Why Infomercials Are Fast Becoming the Adult Industry's Best Friend

Last Updated May 13, 2010 4:01 PM EDT

Trojan is running a late night cable TV ad for the "Trojan Vibrating Touch," which is exactly what you think it is. And they're using a faux infomercial format to do it, with bright lights, pastel colors, upbeat music and consumer testimonials. The only thing they don't do is describe or show exactly what the product does.

Advertising has long been accused of helping the adult industry go mainstream, and now the infomercial, or direct-response TV ad, is the preferred vehicle for this. Infomercials -- with their built-in sterility and wholesomeness -- are fast becoming the preferred way for America to talk about the sale and consumption of sex.

In part, it's because the format -- fully clothed consumers address an interviewer and enthusiastically describe the product's benefits -- allows marketers to communicate messages about sex without actually showing any sex, or indeed mentioning the word "sex."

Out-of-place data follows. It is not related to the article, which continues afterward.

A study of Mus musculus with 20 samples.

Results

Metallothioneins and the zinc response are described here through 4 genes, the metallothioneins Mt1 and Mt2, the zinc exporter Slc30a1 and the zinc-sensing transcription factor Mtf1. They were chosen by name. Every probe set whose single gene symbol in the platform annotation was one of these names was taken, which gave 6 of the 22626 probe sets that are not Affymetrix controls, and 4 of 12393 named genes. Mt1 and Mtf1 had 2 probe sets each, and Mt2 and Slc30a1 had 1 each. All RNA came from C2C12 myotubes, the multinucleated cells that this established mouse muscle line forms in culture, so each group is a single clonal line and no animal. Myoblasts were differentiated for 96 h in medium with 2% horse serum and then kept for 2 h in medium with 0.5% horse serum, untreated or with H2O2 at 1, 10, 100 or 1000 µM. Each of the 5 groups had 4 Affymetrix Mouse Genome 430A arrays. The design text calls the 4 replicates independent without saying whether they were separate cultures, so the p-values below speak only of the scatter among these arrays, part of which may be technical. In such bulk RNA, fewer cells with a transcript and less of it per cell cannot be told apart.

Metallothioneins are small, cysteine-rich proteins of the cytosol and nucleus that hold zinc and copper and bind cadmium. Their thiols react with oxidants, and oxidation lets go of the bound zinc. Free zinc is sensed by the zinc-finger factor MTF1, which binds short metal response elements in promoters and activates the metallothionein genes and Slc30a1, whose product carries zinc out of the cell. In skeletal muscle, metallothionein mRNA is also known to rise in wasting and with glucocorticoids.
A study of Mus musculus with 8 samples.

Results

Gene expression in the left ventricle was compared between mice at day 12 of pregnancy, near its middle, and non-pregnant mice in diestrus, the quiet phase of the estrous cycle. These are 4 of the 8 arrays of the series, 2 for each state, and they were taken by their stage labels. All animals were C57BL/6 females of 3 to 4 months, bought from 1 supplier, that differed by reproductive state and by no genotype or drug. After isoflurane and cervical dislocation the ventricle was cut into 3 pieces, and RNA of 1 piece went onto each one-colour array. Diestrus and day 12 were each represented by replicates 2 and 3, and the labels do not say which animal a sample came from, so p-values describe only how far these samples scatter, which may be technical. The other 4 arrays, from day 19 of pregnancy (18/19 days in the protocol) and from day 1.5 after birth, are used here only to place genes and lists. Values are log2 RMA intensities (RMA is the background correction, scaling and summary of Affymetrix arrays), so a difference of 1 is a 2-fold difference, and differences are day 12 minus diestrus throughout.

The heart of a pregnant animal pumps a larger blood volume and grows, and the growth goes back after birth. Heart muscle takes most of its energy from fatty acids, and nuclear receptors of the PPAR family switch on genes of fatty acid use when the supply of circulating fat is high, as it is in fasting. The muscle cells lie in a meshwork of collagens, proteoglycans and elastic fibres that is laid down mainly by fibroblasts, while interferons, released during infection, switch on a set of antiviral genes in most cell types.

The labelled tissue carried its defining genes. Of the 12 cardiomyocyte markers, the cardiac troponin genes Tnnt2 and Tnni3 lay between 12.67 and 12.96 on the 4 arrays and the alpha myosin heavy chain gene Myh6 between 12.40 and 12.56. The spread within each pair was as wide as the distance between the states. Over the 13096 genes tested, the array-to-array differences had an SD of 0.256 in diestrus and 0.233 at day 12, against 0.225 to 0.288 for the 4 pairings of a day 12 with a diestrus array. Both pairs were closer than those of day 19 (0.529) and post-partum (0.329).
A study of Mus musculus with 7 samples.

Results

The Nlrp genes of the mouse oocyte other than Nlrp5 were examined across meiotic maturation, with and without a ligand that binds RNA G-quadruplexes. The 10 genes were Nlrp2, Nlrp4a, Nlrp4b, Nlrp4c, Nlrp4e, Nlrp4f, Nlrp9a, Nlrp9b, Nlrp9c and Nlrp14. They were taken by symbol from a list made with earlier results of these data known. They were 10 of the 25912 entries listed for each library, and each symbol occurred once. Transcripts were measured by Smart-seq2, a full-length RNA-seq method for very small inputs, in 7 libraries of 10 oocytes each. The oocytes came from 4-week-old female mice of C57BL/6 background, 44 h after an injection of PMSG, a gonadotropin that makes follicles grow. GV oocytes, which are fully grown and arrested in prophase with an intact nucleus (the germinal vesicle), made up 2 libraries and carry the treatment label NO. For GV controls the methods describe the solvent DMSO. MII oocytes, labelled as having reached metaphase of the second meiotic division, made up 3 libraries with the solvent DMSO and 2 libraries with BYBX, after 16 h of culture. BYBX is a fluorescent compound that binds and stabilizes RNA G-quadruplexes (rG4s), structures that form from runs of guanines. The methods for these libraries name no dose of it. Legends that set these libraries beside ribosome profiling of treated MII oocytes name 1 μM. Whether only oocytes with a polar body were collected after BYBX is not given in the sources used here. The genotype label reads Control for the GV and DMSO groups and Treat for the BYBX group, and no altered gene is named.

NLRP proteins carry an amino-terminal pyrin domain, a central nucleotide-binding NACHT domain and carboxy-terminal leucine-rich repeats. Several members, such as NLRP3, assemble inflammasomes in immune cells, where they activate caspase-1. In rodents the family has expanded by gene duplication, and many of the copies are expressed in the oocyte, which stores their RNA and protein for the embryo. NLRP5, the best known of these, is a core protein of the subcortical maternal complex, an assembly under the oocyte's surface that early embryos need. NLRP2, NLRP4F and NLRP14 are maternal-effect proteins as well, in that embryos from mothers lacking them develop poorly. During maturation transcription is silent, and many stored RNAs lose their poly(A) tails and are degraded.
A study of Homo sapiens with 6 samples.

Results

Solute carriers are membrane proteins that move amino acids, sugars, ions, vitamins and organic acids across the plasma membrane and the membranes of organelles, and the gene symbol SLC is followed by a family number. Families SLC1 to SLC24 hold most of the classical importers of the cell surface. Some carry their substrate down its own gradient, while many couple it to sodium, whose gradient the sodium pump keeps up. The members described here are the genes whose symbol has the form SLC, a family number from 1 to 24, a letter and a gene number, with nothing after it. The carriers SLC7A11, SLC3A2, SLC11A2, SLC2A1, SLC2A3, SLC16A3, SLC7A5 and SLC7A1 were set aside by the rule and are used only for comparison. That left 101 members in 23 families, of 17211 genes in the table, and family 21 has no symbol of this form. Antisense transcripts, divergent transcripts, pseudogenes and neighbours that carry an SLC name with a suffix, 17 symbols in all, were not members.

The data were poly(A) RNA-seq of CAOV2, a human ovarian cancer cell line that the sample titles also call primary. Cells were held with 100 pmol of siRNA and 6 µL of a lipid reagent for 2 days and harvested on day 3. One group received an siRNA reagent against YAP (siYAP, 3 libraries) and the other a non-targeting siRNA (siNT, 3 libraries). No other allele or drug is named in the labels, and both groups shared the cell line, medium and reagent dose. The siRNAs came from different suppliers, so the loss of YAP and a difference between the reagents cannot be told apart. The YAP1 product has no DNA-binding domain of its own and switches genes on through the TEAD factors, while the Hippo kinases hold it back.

Trojan isn't the only brand that has tried this. Extenze started advertising this way, and still does. Johnson & Johnson (JNJ)'s KY brand doesn't use the direct-response format but it is advertising in mainstream venues. And although the Better Marriage Blanket isn't a sex product, it does deal with the kind of bodily functions previously banned from mainstream advertising and uses the "But wait! There's more!" format to get around stating the obvious.

Meanwhile, the porn industry's advertising continues to become more mainstream and sex-free. Pornographers never used to advertise because the boxes on the shelf of the video rental store did all the sales work for them. Now that consumers can download movies for free, adult industry companies need to actually market their products. That's why Canadian X-rated pay-per-view channel Amour created these hilarious, safe-for-work commercials showing performers attempting to read lines and act, no nudity involved.